AAS 199th meeting, Washington, DC, January 2002
Session 31. HAD II: The Development of American Astrophysics: Ideas, Instruments, Observatories and Astronomers
Special Session Oral, Monday, January 7, 2002, 10:30-12:00noon, State


D. E. Osterbrock (UCO/Lick Obs.'UCSC)

As the first astronomer turned historian of astronomy relatively late in life to receive the LeRoy Doggett Prize, I am especially grateful to its Committee for this high honor. I knew LeRoy well and worked with him when he was Secretary`Treasurer of the HAD before his untimely death. I will begin my lecture by paying tribute to my mentors who encouraged and helped me to become a historian of astronomy, Mary Lea Heger Shane, Owen Gingerich, Helen Wright, and William G. Hoyt. Then I will speak briefly on why I think astronomers are interested in the history of their science, buttressed by quotations from Ecclesiasticus, Henry Ford, Thucydides, and Herodotus. Basically it is because we are interested in our roots, just as members of a family are interested in its roots.

I will talk briefly about the Mary Lea Shane Archives of the Lick Observatory, and what a resource it is for my specialty, American Astronomy in the Big-Telescope Era. Its Curator, Dorothy Schaumberg, has helped me and hundreds of other historians of astronomy tremendously.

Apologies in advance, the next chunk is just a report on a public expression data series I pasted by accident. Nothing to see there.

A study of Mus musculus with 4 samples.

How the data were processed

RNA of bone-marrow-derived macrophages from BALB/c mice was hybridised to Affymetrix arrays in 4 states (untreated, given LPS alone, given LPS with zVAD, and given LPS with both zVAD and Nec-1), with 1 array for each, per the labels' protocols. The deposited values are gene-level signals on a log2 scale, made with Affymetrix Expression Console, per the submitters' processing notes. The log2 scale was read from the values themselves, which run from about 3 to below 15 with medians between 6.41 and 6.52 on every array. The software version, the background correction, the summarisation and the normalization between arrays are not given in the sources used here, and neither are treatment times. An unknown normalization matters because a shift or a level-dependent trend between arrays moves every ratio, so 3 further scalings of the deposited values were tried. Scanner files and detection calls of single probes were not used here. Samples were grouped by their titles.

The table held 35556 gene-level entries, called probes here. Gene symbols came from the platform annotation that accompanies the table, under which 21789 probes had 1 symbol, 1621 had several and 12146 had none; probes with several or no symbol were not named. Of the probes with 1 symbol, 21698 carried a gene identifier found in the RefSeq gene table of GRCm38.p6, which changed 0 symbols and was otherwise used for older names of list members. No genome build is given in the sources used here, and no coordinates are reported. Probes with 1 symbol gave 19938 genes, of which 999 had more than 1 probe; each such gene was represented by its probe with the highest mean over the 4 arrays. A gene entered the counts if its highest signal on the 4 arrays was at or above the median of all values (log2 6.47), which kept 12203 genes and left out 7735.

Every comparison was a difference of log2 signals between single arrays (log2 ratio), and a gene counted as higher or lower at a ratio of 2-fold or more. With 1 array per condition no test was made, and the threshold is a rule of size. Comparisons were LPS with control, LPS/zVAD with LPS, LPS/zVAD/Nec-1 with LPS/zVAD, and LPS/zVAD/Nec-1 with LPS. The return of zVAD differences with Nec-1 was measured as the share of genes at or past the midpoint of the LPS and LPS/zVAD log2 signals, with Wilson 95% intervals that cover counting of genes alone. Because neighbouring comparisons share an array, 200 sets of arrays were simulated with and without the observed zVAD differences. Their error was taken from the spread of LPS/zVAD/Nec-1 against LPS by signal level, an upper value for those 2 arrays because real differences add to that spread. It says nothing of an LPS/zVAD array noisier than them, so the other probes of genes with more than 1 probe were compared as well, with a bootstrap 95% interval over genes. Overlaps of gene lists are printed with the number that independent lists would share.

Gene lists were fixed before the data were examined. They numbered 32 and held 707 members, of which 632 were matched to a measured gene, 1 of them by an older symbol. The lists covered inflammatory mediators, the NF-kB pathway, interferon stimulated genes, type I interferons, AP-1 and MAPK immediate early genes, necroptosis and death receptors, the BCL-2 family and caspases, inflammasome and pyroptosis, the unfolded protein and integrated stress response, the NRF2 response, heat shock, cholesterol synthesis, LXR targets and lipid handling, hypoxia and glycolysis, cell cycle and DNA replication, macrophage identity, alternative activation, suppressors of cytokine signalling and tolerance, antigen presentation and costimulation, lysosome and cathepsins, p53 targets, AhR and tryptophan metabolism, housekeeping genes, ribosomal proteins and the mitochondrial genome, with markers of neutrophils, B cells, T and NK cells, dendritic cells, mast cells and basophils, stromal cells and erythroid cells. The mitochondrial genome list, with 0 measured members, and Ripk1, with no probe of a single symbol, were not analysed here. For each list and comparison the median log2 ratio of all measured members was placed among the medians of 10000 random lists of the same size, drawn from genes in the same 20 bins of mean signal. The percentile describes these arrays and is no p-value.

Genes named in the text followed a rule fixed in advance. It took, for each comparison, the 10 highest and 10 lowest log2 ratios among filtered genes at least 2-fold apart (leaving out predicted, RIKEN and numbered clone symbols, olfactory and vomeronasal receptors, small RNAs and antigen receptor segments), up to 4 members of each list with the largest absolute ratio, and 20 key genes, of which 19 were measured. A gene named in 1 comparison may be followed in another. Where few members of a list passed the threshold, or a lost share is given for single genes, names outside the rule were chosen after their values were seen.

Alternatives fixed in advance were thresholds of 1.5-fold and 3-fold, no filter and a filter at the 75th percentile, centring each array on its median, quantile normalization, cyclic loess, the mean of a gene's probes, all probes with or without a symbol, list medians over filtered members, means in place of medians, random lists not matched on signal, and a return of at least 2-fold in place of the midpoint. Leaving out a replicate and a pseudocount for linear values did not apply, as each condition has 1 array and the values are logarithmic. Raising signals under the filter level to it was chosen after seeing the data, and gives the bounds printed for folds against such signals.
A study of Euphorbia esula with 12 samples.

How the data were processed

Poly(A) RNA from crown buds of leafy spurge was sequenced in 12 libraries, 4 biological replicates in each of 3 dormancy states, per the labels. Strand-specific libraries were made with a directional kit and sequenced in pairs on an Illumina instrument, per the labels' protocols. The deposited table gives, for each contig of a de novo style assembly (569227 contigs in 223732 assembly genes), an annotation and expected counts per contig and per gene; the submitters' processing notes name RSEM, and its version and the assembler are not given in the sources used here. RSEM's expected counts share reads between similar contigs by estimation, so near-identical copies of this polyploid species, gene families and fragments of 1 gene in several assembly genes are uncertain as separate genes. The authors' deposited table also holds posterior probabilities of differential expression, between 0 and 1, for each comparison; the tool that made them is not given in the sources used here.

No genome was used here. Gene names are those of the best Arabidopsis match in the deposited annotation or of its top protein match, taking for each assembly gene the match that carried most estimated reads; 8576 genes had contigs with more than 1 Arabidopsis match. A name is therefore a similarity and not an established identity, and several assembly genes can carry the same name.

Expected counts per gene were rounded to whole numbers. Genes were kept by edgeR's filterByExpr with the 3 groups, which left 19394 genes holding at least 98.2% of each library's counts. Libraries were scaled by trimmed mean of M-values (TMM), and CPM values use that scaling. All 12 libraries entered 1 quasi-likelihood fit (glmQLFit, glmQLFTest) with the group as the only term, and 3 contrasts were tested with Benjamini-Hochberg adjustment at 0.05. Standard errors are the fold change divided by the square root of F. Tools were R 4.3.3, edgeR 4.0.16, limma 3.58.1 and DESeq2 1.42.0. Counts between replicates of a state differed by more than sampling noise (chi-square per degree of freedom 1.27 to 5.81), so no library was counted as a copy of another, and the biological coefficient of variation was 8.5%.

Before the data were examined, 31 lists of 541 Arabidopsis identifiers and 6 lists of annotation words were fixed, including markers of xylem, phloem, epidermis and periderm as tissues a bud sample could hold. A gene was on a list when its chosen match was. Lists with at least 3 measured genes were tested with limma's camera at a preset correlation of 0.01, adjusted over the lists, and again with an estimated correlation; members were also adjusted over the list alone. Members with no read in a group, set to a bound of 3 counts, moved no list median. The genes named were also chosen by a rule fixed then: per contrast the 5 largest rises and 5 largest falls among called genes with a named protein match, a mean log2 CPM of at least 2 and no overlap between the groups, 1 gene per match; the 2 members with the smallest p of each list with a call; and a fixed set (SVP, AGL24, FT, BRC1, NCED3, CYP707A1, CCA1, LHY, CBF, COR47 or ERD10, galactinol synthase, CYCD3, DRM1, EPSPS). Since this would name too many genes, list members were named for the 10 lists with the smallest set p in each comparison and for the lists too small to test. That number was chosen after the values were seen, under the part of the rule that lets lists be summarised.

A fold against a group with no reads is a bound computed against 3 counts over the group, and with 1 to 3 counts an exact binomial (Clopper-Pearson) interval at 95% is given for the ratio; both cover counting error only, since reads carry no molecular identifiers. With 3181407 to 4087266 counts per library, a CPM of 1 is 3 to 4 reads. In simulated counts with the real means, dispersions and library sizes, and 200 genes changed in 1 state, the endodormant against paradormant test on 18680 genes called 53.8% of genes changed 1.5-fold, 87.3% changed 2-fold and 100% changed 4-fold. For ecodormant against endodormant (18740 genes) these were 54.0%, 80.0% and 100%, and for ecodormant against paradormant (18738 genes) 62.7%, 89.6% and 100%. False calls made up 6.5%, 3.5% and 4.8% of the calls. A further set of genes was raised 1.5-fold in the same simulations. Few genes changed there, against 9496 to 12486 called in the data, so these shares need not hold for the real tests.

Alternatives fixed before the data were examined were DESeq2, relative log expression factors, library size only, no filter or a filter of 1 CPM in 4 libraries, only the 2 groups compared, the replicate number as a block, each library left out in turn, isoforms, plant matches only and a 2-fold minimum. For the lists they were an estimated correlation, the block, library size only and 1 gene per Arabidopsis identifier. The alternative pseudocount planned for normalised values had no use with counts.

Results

I believe it helps anyone who wants to understand the history of astronomy to know and understand astronomy. History must be based on facts, which archives, scientific papers, and books can provide. Immersion in a field like astronomy makes one better qualified to understand what others have done in that field, and how they did it, as Ibsen, Hemingway, Tuchman, and Grisham have all stated and proved by example.

Finally I will give a progress report on my current project, the life and scientific career of the early American astronomer and solar physicist Charles A. Young (1834-1908). Astronomy was very different in his ``small-telescope era," but there are many modern resonances in his problems and their solutions.